Scram Pram is an interesting boat that I designed for Wil Gordon of Houston a few years ago. He built the prototype shown above, including making that multicolored sail. Wil had owned some production pocket cruisers and had sailed in Karl James' Jewelbox. He wanted a huge rig all in one sail for moving in very light winds. We started the design process by enlarging IMB and it turns out that at least two Scrams have been built while the prototype IMB is still abuilding.
The lines show that Scram has a multichined cross secton, like my Piccup Pram, and I've found that makes for a very fast and seaworthy boat. The top is built up like a Birdwatcher. Everyone sits inside, including the skipper. The boat can also be steered by sitting in the open top slot as shown in the photo. The top of the cabin has a slot that runs full length. If you sit to the side you are inside under the deck, but you can stand up in the middle. In bad weather the slot is covered with a snap-on tarp. If you have children this is a good boat type because they will never be on deck. If you use tinted plastic for the windows and a white hull, the boat will be cool in hot weather.
But the main advantage for the Birdwatcher cabin, invented by Phil Bolger, is that the crew sits low and the crew's weight acts as ballast, instead of making a boat top heavy as with a normal cruiser where you sit on a raised deck. Sometimes the effect is so strong that the Birdwatcher boat will be quite self righting with no ballast other than the crew weight. So you can get a nice light simple self righting cruiser. With Scram it didn't quite make it. In tests of the prototype, the boat was just barely self righting with a crew of one against the floor when the boat was rolled over 90 degrees by a rope attached to the masthead. But the design has water ballast tanks on the floor to take 300 pounds of water. With the tanks full the boat is so stable that the test crew had trouble rolling the boat 90 degrees with the mast rope. When released, Scram popped right up. The testing was done by Tim Weber of Houston and was written up in his web site last year. Tim felt that Scram would be OK with 100 pounds of ballast and that there was little need for more than 200 pounds.
A second Scram was built to prototype plans by UT Roberts of Savannah. His boat is shown above. UT's boat had two significant changes. He reduced sail area to 150 square feet from the original 170+. I made the sail shown in the photo and I feel it is quite enough, especially since the boat has a motor well built in and only 2 or 4 horsepower will push it fine on very light days. Very few people have the patience or time to sail in light fluky winds. Almost any boat this size will end up with a motor which will get used a lot. Then a huge sail rig is not the best thing to have. UT's boat also did not have water ballast. I think he has sand bags lashed below seating benches he has built in, a good option probably if the bags are very low down and very well secured. The idea of bench seating is nice but one must scope out the bench height very carefully to get enough headroom. As is, the water ballast tanks have a foot well. If I were building a Scram, and I would do so if I didn't already have 7 boats in the shed, I would build in the ballast tanks and use the smaller sail.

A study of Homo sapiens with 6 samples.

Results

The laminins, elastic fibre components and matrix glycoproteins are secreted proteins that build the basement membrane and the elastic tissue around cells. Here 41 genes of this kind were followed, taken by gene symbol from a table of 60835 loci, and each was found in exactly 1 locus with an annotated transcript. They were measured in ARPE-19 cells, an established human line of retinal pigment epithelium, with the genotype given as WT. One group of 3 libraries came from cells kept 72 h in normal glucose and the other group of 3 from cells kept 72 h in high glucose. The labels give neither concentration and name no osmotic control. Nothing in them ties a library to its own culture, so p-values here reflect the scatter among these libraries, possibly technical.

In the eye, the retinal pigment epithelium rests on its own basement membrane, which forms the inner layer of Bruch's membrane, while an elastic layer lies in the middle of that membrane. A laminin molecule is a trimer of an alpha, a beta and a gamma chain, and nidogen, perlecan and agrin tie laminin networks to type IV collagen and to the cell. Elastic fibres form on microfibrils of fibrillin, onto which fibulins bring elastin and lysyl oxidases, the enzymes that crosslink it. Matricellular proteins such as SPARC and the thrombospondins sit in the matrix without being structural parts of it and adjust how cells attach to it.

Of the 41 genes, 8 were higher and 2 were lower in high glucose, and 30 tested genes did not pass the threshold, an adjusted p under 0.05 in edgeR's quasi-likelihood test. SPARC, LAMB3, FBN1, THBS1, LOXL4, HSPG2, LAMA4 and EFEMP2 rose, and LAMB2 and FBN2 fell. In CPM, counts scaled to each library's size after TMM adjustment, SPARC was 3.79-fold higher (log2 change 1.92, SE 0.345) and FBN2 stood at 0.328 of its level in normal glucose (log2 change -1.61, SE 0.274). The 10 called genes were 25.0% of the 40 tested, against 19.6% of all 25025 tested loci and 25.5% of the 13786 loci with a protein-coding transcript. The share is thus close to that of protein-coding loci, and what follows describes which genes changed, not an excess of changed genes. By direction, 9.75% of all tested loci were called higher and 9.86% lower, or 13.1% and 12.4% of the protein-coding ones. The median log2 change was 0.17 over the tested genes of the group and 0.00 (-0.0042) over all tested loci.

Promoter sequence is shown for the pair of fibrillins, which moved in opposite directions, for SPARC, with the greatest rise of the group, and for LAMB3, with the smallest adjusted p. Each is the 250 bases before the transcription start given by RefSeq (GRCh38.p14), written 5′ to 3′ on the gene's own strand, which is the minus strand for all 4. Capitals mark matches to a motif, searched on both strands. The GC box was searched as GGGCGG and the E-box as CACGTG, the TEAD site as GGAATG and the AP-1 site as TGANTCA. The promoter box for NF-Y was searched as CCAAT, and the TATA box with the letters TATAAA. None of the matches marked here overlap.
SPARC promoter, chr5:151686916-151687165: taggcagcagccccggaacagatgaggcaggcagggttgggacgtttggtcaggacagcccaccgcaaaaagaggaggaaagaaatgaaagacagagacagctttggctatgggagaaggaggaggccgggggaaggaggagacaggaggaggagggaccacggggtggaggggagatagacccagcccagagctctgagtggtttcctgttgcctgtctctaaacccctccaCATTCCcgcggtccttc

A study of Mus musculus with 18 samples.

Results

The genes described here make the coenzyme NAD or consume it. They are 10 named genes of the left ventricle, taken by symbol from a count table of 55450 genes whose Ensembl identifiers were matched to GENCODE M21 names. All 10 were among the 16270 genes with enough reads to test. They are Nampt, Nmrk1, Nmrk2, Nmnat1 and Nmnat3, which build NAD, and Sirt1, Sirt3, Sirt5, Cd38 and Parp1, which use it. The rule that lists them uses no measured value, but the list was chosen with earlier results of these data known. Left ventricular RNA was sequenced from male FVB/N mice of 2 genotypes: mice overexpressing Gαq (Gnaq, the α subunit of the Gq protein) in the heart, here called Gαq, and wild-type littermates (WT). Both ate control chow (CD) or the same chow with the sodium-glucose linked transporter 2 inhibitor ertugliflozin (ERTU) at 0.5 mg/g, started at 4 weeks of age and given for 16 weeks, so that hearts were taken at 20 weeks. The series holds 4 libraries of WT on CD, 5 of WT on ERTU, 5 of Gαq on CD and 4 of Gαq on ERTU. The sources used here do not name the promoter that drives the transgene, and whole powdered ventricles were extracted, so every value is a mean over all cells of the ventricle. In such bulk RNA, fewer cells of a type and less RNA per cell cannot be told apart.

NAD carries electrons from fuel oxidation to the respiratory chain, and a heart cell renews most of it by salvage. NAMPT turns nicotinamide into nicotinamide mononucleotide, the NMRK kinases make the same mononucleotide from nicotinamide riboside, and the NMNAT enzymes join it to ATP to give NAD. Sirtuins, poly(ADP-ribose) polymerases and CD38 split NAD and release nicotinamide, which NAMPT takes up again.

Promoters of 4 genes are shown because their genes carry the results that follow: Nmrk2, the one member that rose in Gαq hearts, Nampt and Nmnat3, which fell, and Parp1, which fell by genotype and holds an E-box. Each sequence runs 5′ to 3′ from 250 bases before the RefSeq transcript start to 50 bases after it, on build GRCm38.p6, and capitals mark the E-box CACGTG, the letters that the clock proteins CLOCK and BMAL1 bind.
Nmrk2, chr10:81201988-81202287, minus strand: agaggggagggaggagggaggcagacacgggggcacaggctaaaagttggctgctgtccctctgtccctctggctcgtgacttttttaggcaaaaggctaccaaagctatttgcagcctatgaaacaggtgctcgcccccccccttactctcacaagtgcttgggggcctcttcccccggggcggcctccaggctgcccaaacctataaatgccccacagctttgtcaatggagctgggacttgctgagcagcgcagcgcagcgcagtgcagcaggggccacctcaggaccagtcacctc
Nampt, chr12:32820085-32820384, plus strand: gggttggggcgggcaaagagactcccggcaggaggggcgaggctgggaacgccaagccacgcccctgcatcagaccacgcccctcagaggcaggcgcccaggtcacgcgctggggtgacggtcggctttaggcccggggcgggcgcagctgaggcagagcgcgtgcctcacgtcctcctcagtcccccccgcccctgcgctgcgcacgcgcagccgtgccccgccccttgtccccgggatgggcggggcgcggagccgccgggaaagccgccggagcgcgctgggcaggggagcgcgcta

Scram uses taped seam construction with five sheets of 1/4" plywood, nine sheets of 3/8" plywood, and one sheet of 3/16" dark Plexiglas.
Letter from Ross Lillistone:
Dear Cindy, Sandra and Chuck,
Following is a youtube video which we just made of the first test sail of a Jim Michalak Scram Pram which I finished building for Greg Flemming here in Australia. Greg had built the hull and cabin framework, but had been overtaken with work-related issues, as asked me to finish her. She will go back to him now and he will paint the interior, which is currently bare.
In the initial part of the video, I am sailing alone with Paul Hernes videoing from shore. I had no water ballast on at that stage. The first section of the interior sailing shots, Paul was sailing with our friend, Dan, on-board as well. The conditions were light and we carried no ballast. Towards the end of the interior shots you see the next day - plenty of wind, still no ballast, and I was by my self, trying to film and sail at the same time. Shortly after I ceased filming, I hove-to and filled the ballast tanks, which made operations somewhat easier.
Great boat - 4.7 knots hard on the wind, and 6 knots downwind - wake as flat as a pancake, and tiller very light.